I don’t know about you, but I love a good Barrel Proof whiskey. I’m one of many, and the trend is good for us because more and more distilleries are starting to release Barrel Proof versions of their quality bourbons. One highly anticipated of such releases is the Old Forester Single Barrel Barrel Strength, promised to drop in North Carolina this summer.
The Old Forester Barrel Strength offering will be the same high-corn mashbill that their standard Single Barrel bears: 72% Corn, 18% Rye, and 10% Malted Barley. The biggest difference is that the Barrel Proof version will likely drop in the 130-135 Proof range. That’s 65%-67.5% ABV. This hazmat-approaching proof puts it in direct competition with recent Elijah Craig Barrel Proof and Stagg Jr. batches.
What really seems to set the Old Forester Barrel Strength apart from other barrel strength expressions — like the aforementioned EC Barrel Proof or Larceny Barrel Proof — is that Old Forester’s version is a Single Barrel. This means that most bottles will vary ever so slightly in their proof and taste. This is similar to how Four Roses distributes their Single Barrel Barrel Strength bourbons, and it’s very likely we’ll soon start to see collectors focusing on specific rickhouses and floors that these barrels sit while aging. Preview labels indicate we’ll know the warehouse and floor of each bottle’s barrel.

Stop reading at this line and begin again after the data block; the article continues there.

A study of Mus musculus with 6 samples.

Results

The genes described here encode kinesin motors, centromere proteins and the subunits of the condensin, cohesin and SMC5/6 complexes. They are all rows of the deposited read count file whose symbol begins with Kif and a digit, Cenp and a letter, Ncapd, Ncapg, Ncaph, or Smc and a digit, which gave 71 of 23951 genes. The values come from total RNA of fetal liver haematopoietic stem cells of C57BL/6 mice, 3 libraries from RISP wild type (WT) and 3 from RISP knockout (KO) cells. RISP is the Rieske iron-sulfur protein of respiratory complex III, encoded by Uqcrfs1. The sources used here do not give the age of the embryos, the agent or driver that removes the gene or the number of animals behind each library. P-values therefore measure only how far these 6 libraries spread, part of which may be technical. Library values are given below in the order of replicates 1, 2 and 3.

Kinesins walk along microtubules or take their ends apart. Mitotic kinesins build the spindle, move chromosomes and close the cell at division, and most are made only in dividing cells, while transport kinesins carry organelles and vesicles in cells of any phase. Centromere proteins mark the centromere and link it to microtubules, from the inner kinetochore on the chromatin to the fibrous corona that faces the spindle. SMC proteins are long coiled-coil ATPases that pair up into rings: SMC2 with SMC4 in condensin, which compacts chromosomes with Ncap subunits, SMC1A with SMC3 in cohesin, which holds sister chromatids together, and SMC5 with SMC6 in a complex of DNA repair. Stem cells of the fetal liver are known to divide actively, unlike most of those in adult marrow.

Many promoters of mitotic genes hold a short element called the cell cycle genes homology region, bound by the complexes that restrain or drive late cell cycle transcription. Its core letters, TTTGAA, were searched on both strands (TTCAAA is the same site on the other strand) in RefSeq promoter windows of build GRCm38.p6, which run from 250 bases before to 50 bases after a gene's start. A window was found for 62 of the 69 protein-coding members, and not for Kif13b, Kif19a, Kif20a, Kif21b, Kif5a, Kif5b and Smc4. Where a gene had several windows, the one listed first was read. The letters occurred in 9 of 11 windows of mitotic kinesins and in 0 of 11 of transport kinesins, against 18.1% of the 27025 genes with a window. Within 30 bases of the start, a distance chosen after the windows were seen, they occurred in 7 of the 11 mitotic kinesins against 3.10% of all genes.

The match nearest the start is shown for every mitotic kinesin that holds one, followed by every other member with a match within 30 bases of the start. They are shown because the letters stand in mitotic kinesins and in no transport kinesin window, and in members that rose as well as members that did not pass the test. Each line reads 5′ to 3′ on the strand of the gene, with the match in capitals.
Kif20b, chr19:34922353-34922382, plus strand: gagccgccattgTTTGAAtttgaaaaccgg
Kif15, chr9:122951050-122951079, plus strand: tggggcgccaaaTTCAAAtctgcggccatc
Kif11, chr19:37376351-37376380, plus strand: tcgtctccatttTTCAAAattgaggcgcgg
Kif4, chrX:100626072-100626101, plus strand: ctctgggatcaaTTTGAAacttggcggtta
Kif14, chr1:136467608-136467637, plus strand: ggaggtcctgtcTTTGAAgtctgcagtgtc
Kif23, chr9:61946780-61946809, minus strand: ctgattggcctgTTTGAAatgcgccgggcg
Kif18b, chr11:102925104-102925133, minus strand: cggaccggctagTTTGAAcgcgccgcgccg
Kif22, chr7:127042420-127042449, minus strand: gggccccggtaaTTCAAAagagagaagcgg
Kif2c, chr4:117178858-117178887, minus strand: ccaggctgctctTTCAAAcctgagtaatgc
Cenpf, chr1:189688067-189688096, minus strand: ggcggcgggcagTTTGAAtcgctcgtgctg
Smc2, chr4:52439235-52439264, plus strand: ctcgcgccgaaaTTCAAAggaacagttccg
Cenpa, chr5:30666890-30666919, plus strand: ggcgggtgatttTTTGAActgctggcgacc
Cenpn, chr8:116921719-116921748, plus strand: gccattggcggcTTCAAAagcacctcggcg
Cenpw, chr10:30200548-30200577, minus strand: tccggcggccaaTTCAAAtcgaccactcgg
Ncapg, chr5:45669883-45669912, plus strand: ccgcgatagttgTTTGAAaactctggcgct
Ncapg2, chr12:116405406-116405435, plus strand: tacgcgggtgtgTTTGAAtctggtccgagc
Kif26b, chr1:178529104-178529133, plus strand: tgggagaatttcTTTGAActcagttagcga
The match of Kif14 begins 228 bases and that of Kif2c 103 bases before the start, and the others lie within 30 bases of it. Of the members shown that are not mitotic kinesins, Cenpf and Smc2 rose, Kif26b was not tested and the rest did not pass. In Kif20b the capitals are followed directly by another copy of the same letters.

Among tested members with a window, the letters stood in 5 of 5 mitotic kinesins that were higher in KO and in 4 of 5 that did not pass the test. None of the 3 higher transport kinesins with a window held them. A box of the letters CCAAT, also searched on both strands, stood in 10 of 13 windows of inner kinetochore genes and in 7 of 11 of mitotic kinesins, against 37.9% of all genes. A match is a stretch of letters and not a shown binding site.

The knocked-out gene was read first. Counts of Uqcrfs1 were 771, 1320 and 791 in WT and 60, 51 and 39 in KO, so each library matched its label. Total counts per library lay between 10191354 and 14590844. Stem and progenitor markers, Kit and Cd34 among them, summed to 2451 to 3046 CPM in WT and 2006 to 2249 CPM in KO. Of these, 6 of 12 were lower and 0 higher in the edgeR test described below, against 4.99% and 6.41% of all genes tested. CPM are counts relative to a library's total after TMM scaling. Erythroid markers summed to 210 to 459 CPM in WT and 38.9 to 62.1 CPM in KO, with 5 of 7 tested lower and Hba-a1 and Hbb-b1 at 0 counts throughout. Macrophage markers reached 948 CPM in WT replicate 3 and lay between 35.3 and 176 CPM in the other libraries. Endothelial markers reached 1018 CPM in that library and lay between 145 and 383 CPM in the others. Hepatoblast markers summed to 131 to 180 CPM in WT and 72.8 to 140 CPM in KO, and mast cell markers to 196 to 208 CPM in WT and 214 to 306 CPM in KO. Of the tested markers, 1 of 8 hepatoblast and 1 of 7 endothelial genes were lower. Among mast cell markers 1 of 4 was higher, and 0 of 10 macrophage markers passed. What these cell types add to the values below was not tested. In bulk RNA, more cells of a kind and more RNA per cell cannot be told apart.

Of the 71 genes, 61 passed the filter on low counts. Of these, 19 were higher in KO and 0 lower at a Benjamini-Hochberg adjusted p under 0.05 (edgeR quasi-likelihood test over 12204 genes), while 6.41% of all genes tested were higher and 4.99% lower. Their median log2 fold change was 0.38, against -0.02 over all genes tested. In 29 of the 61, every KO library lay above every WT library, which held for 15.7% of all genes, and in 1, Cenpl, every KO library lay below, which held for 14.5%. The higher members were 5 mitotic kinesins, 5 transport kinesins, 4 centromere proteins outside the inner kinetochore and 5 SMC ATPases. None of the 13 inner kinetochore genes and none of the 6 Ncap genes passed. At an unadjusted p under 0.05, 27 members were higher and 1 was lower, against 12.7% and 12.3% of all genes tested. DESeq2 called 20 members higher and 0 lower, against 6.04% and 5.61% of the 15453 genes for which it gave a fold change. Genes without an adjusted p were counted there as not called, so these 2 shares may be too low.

Old Forester Barrel Strength in North Carolina
The North Carolina state warehouse added Old Forester Single Barrel Barrel Proof to their price list in the middle of May. We haven’t noticed the libation itself pass through the distribution chain, but we can expect to see it show up sometime this summer (2020).
The expectation for Old Forester Barrel Strength is that the Single Barrel bourbon will be pretty widely available, not dissimilar to its Elijah Craig and Larceny counterparts. Early excitement around a new bourbon release like this will make it scarce for a time, but there’s not anticipation that it would be heavily allocated or hidden behind counters and “in the back” like Blanton’s or Buffalo Trace.
There will also be a robust Single Barrel selection program. I recommend reaching out to your local bourbon groups, ABC board, or other organization and plan a barrel selection of your own.
As always, you can check online vendors. You might have to pay a premium, but it’s a good option for those who are desperate and/or have deep pockets.